O&M Manuals From a Newcomer’s Point of View

At the start of this year I joined O&M I.T. and have since been working to get my head around everything involved with producing O&M manuals and other handover documents. With my only previous employment experience being in retail and accountancy, my knowledge of the construction industry when starting was basically nil. However, I am now settled in nicely a couple of months into my new role. Here I will give a few thoughts and impressions of my short time producing O&Ms, what I’ve learnt so far and my ambitions for the future.

By Toby Cooke

As a Junior Manager, I’ll eventually be able to do a bit of everything. Whilst that evidently means taking on management responsibilities, I’m also learning to create the manuals themselves.

Authoring O&M Manuals is typically quite niche, and, coming in with no prior knowledge, it’s really important that I learn not only what a good manual is, but the process of producing one.

Since starting, my work has been very varied. In learning how to create the manuals, I’ve already worked on projects ranging from four to eight figures in value and for some very renowned companies. I’ve even completed a couple of the smaller ones start to finish. Whilst the content and layout of the manuals are steadily sinking in and making sense, the steepest learning curve and most important aspect I have found in creating them is keeping organised. Keeping track of what is completed, what is still to be done and what is needed to move forward is definitely challenging at first and requires a lot of good habits to be formed.

All the while I have been doing this, I have also been learning how to be a manager. Having never previously been in a management role, this has definitely been a challenge and will inevitably take a very long time and a lot of hard work before I am as good as I want to be in the role. It is, though, certainly my favourite part since joining the company and, aside from the task of learning to stay organised with incoming and current jobs, it’s the soft skills which I’ve found most interesting to take on board.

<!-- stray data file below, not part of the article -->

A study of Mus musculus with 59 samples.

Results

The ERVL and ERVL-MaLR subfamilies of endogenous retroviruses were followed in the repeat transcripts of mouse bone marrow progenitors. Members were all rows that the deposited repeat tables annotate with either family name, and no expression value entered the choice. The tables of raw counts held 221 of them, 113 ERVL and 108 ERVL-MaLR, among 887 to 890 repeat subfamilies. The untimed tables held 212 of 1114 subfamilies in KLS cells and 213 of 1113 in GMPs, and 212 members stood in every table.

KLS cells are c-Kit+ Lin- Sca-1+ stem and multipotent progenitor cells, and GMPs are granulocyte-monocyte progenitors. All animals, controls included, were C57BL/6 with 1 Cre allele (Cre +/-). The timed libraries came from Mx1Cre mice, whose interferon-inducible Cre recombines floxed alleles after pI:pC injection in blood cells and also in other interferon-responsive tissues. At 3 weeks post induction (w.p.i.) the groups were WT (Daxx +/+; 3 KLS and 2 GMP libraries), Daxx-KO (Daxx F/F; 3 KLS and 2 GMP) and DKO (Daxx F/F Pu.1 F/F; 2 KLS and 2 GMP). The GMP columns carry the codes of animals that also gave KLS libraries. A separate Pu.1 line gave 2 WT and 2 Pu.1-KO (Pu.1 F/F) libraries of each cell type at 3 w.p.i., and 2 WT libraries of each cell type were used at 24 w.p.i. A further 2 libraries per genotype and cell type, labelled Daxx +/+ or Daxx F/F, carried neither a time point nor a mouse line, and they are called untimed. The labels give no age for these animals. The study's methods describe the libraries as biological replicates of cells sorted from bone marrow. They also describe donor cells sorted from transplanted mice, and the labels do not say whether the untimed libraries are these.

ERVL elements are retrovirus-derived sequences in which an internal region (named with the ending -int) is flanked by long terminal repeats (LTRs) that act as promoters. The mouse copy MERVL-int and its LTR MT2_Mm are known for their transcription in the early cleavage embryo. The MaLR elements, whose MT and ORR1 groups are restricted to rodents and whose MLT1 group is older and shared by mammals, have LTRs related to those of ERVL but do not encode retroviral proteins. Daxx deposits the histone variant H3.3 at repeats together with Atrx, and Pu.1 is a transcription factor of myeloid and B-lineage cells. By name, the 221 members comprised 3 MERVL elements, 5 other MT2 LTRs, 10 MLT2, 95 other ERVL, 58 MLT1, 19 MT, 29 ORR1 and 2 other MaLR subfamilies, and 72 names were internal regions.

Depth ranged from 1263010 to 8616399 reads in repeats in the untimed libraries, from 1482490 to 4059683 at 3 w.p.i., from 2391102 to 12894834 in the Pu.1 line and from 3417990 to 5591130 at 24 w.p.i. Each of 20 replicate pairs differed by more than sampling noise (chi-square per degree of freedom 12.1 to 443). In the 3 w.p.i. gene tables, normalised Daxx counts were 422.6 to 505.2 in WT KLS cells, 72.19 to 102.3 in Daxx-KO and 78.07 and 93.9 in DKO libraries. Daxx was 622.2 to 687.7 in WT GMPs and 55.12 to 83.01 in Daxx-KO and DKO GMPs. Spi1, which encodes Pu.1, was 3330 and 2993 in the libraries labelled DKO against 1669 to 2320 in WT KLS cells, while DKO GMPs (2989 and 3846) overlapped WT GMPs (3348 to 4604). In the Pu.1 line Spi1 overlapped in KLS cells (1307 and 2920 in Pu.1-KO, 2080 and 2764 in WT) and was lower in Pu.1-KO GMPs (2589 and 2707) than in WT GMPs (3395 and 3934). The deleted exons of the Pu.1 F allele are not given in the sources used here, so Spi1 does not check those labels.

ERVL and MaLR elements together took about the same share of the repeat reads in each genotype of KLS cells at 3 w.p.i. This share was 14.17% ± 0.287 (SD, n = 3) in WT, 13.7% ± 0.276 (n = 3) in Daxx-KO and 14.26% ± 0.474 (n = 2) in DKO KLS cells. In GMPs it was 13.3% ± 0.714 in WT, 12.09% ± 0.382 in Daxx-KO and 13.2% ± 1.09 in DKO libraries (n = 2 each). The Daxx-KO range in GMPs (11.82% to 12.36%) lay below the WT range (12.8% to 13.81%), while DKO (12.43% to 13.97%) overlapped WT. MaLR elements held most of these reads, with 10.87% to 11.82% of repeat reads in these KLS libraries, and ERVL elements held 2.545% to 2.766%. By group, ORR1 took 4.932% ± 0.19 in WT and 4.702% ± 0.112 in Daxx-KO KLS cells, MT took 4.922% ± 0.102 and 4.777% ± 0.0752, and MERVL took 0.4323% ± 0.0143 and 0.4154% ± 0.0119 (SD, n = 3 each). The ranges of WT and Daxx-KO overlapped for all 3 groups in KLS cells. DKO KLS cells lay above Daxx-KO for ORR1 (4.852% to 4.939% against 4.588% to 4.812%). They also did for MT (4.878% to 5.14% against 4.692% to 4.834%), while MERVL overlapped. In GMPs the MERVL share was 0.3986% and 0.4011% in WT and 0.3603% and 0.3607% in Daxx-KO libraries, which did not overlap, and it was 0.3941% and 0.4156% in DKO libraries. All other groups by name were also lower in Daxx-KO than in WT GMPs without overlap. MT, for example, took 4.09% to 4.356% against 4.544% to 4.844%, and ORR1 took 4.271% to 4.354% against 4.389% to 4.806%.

Being consistent and confident in making decisions is one of the biggest hurdles I’ve encountered, although it is now becoming more natural. What I have picked up on more than anything, though, is the importance of being aware and empathetic to those around you; without this there won’t be any long term stability and the company will lose what makes it successful.

  • Organisation – construction is a busy industry and so are its people. O&M manuals are easy to overlook for contractors who are juggling so many different tasks and deadlines. This means the earlier a manual is started, the easier it is for both us and others involved in making it. However, this goes both ways and means us keeping track of all our current jobs and making sure they’re moving – if we’re not getting what we need to make this happen, we have to pick up the phone and chase those who can help us.
  • Engagement – part of being organised and ultimately successful in producing quality manuals and hitting deadlines is keeping engaged with the client and their subcontractors. Communication is so important to keep a project moving forward – often times a short phone call can solve a whole host of problems in a fraction of the time that a bunch of emails can. Not only this, but having a direct line of contact instils confidence that progress is being made and that the product overall is top-notch.
  • Keeping current – when starting at O&M I.T., I soon realised there are multiple types of everything. Progress and advancements in construction are rapid and so becoming familiar with all the different systems and equipment involved in the construction and operation of a building will be a lot of continual learning. With no prior experience, the amount of different names, references and uses for all of these can often seem confusing, but are surely enough sinking in as I face more jobs.

Obviously, I don’t want to get too far ahead of myself; I’ve barely scratched the surface of O&Ms and the construction industry.

However, in future, the aim is to introduce new services covering the ever increasing use of BIM. Whilst traditional O&Ms are not going anywhere, we need to keep up with contemporary working methods by incorporating aspects of BIM into what we offer.

Despite this, getting to grips with the basics is priority number one. I still have a long way to go in all aspects of creating quality manuals and becoming a good manager, and continuing to offer what we do best is key before branching out.